Libya has suddenly become popular again.

A little was heard of the country after the Middle East uprising led to the death of its former leader, Muammar Gaddafi.

Although the nation has not returned to its old self since the uprising, it has successfully returned the hands of time, turning back to Slave Trade business that existed centuries ago.

For three weeks, stories of slave trade in 21 century have been told and they are all coming from Libya.

Nigerians have journeyed through the desert and crossed borders from country to country to Libya only to be sold into slavery for as low as 794,000, equivalent to 3,000 Dinars (about $2,205).

The latest revelations, triggered by a video made public by CNN, have been condemned by many and a former Nigerian President, Olusegun Obasanjo, is adding his voice to the campaign.

He says slave trade in 21st century should be condemned in the strongest term possible, but he believes leaders have contributed to the situation.

Obasanjo gave his opinion about Libya Slave trade on Thursday at the 2017 Annual Conference of the Comptroller General of Immigration held at the MITROS Residences in Abeokuta.


It is a time for leaders to feel a sense of regret on what they ought to do, what they had done and what they had not done.

“I believe that slave trade in the 21st century should be condemned in the strongest language possible and nobody who is involved in it should be excused.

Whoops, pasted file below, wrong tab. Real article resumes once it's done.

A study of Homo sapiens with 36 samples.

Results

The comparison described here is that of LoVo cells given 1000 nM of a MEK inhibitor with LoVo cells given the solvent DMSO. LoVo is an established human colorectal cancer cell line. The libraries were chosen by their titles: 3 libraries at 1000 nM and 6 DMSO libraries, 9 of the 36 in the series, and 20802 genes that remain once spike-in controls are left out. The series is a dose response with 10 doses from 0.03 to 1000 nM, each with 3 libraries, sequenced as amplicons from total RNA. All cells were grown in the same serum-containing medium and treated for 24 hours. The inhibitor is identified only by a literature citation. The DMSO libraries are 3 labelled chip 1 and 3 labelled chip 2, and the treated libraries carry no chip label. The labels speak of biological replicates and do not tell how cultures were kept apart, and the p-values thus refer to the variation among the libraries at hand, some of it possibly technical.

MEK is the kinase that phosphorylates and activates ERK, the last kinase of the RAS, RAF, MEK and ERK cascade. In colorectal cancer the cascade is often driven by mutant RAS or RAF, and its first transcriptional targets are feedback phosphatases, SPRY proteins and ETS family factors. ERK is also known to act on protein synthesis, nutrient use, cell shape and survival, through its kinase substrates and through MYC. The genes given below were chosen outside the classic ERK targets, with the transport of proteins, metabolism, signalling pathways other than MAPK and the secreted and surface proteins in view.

“What can we do and what must we do? We must ensure that conducive atmosphere is created for genuine exchange of goods and ensure development within our country, sub-region, continent and the world which we live.

“But then today, migration has a very nasty connotation particularly when you watch the television and you hear the story of thousands of our youths daring to go through the desert.

“Then, after they have embark on such perilous  journeys, some of them are sold as slaves. Slaves in the 21st century, Africans being sold by Africans and maybe to Africans.

“All of us as leaders must feel a sense of regret and have sober reflection on what we have done or what we have not done to bring this to our own people,” he said.

Obasanjo stressed the need for NIS personnel to imbibe the culture of training, professionalism, integrity, loyalty, and service, saying that all these must not be taken for granted.